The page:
Zambians are proud to see a home-grown successful enterprise that soars above any turbulence – just like leading air service Proflight Zambia.
Next year the company marks its 30th anniversary. No other private Zambian airline has flourished for so long in the country’s aviation history.
Its role in the economic growth of the nation is a key factor in its success, and it is a position it hopes will come to the fore again as the world comes out of the COVID-19 bubble and starts to revitalise its economies.
As life and travel continues in the new normal in 2021, the airline is looking to the sustainable of economic activity, helping industries and businesses to feed off one another and grow as the economy expands and picks up from COVID-19 economic effect.
COVID-19 has crimped many of the world’s economies and has not spared Zambia as a whole. The air transport industry has been hard hit and faces various challenges, including insufficient airport infrastructure across the country, and a shortage of physical and human resources as well as limited connectivity.
But Zambia’s successful entrepreneurs and business owners have different passions and they translate them into a wealth of ideas and ventures in diverse industries.
To create an enabling environment for a population of more than 18 million people in Zambia, the country over the last ten years has embarked on a massive exercise to build an renew its infrastructure in the aviation sector, which will help boost more traffic.
Proflight chairman Captain Phillip Lemba tells how the airline will look to take advantage by influencing investors and tourists to explore Zambia using the airlines’ reliable service.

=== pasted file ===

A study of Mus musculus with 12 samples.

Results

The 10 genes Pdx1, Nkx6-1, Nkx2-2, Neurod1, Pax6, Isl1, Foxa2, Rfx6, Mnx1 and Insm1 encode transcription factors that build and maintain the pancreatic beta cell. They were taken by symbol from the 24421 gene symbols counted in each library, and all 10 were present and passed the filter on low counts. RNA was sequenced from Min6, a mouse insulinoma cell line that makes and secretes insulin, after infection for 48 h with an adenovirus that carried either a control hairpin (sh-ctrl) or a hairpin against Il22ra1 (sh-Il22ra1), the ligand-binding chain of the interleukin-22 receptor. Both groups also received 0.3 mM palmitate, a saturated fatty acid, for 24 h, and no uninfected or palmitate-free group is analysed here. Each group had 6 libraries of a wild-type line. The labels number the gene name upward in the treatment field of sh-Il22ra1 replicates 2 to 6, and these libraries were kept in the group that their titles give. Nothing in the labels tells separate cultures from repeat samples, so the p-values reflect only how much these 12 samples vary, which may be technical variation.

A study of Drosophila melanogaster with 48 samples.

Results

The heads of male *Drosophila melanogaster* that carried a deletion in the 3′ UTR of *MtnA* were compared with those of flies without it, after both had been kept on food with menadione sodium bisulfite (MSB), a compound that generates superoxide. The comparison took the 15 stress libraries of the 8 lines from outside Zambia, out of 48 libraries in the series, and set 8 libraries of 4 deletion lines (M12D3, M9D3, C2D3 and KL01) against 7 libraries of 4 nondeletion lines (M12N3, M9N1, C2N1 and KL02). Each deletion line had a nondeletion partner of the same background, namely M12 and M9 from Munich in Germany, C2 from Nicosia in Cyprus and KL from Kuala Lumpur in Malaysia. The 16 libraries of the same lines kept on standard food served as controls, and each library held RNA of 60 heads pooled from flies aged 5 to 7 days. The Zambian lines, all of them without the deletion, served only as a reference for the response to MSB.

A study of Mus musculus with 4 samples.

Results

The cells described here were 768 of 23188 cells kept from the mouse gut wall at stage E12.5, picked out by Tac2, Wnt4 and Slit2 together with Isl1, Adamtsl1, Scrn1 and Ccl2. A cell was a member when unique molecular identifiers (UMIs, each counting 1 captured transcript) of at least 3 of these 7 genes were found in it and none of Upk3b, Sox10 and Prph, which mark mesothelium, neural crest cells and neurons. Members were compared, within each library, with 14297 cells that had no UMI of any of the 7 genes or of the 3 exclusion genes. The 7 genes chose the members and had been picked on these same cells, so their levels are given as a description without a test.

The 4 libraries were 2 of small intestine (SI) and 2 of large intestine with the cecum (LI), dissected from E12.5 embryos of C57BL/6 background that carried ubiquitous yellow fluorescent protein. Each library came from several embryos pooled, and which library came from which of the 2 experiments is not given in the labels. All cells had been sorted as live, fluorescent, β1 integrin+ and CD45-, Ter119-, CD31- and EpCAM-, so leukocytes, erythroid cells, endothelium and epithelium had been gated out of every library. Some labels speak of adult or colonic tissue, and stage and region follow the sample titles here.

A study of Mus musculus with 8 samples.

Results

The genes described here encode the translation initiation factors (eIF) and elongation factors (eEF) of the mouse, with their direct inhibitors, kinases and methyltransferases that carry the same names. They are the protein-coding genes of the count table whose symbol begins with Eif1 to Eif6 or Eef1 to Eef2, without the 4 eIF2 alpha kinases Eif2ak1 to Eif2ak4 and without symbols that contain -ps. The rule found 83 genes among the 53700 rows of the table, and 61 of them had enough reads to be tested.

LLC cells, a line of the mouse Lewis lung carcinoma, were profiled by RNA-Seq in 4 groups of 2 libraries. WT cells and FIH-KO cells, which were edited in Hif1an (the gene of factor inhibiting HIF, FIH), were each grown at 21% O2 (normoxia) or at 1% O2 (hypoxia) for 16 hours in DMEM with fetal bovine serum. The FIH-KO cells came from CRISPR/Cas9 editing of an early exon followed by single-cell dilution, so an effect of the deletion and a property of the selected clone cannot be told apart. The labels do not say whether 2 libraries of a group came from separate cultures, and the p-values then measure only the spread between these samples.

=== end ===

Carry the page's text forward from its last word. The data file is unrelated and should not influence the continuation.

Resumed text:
He said: “We can’t wait for the new terminal at KKIA (Kenneth Kaunda International Airport) to be completed. We want to use the new facility to showcase our services in a bid to attract more investors.
“We want the airline to improve the quality of life by broadening people’s leisure and cultural experiences.”
Expanding the travel market internationally helps boost productivity across the local economy, and improved transport links expand the market in which companies operate.
As a result, companies are better able to exploit economies of scale, thereby reducing costs, and able to specialise in areas of comparative advantage.
“Furthermore, we want to help boost the tourism sector and enhance value addition by providing a wide choice of holiday destinations in the country. The airline will remain an affordable means to visit distant friends and relatives,” said Capt. Lemba.
Airport taxes also add to the expense of air travel and ticket fares fluctuate due to tax hikes, the exchange rate and other factors. These taxes are needed to invest in the infrastructure required at the airports but are prohibitive to the cost of domestic air tickets.
In order to boost domestic travel, there is an immense need to reduce airport taxes in a bid to stabilise and enable domestic airlines to reduce fares, encouraging a greater number of local travellers to fly domestically.
This will in turn prompt Zambians to travel by air more frequently as air travel is the most convenient and quickest form of transport and the best way to do business
Doing this could boost intra-African business, trade, foreign exchange, tourism as well as cultural exchange.
Proud of its outstanding reputation, Proflight Zambia, the country’s leading scheduled airline, from its base in Lusaka, flies domestic routes to Livingstone, Mfuwe, Lower Zambezi, Ndola, and Solwezi, and regional routes to Johannesburg in South Africa.
In this vein, Proflight, a Zambian-owned airline, has continuously played the role of catalyst for diversification by providing business owners and their clients a safe, reliable and efficient service with the variety of planes in its fleet.